Preserving Biodiversity in the Amazonian Jungle
By Robin Herron
Last summer, one of Thomas E. Lovejoy’s colleagues sent him a photo of an enormous eagle perched high in a tree in the Amazon. Lovejoy was thrilled with the photo and the discovery of this rare and hard to see Harpy Eagle, the largest bird of prey in the world.
That’s the kind of thing that makes the research project in the Amazon he established 33 years ago so continuously rewarding for Lovejoy, University Professor of Environmental Science and Policy and Public and International Affairs.
Designed to test a theory about species and isolation, the Biological Dynamics of Forest Fragments Project, as it’s now known, has grown to include some 40 different sites in the Amazonian jungle, where Lovejoy had studied avian ecology as a PhD student at Yale University.
The project looks at “what happens when you break up a forest into fragments,” a subject of great controversy in the early 1970s. Lovejoy says he was able to persuade the Brazilian government to arrange areas undergoing development so as to create a giant experiment with fragments of different sizes. By cataloging the plants and animals in the fragments before they were isolated and then tracking them over the years after isolation, researchers could measure changes in fauna and flora. At the same time, matching plots in continuous forest served as controls.
Lovejoy says the work so far has answered his original question and demonstrated that big protected areas are important. For example, in a small plot of about one square kilometer, half of the forest interior bird species were lost in less than 15 years—“a pretty dramatic and clear result,” he says.
Lovejoy’s “island” experiment, one of the most cited and productive field projects in the tropics, led to Brazil creating “uniformly large protected areas across the board,” Lovejoy says. The project has also provided research opportunities for about 200 master’s and PhD students and generated some 600 research papers. He estimates that about 40 scientists and graduate students are working on the project at any one time.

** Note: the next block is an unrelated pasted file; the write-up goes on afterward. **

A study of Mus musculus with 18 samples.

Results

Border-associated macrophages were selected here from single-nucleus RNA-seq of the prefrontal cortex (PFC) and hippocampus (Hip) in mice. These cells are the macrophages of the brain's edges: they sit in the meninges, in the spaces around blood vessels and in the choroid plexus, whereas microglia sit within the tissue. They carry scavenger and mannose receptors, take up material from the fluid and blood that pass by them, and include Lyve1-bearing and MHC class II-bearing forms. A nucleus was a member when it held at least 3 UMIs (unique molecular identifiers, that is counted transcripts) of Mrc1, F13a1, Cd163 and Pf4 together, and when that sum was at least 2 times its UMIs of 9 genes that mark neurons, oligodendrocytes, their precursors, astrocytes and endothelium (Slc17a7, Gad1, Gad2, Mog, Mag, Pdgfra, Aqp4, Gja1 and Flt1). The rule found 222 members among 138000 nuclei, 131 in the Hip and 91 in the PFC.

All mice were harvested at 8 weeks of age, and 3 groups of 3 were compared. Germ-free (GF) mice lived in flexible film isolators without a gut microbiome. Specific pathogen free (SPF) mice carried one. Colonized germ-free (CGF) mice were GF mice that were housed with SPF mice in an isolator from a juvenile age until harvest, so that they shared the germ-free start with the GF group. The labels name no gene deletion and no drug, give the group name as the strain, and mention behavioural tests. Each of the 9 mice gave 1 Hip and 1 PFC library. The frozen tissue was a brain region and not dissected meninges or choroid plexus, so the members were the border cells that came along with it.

“So here we are in year 33, and I’m in the process of trying to institutionalize [the project] so that it’s no longer so dependent on me and can continue in perpetuity,” says Lovejoy, who still returns to Brazil frequently.
Back in the United States, Lovejoy also tackles public policy issues related to conservation: everything from climate change to deforestation and lack of awareness.
How did Lovejoy move from studying birds in the Amazon to writing policy papers for presidential commissions?
He laughs, then says, “Basically, my plan was to be employed by whatever organization would allow me to have a maximum number of scientific adventures.”
He first dipped into the policy arena as a project administrator at the World Wildlife Fund (WWF). “I thought I’d do that for two years, then go back on the science adventure track,” he says. “But it became so intrinsically interesting in itself, and it became more and more apparent how important it was. So I basically continued forever after on the interface of science and policy.”
Lovejoy stayed at WWF from 1973 to 1987, becoming its executive vice president. While there, he originated the idea of debt-for-nature swaps, in which a portion of a nation’s foreign debt is forgiven in exchange for investments in conservation. He also coined the term biological diversity (later shortened to biodiversity).
He then joined the Smithsonian Institution, where he held two different high-level positions. In 2002, he joined the H. John Heinz III Center for Science, Economics and the Environment, and became its president. He still maintains ties with the center as its biodiversity chair. He came to Mason in 2010.
Lovejoy has managed to successfully toggle between hands-on work in the jungle and policy work in the nation’s capital, using the Brazilian research site as a place to demonstrate the importance of biodiversity to politicians and corporate executives.
Along the way, Lovejoy has edited several important books, including the 1992 Global Warming and Biological Diversity with Robert L. Peters and its 2005 sequel, Climate Change and Biodiversity with Lee Hannah.
In the first book, Lovejoy says, all they could really do was predict what might happen with climate change. By the time the second book was written, “you could already begin to see nature responding to climate change—and it’s just accelerated ever since.” He and Hannah are now working on a second edition of the 2005 book.
The many impacts of climate change and greenhouse gases on biodiversity have Lovejoy terribly concerned, yet he’s convinced that nature can be man’s ally in solving these global problems.
“I’ve come to believe that one of the best things we can do is restore ecosystems, which would have an enormous capacity to pull carbon dioxide out of the atmosphere,” he says.
This article originally appeared in Mason Research 2012 in a slightly different form.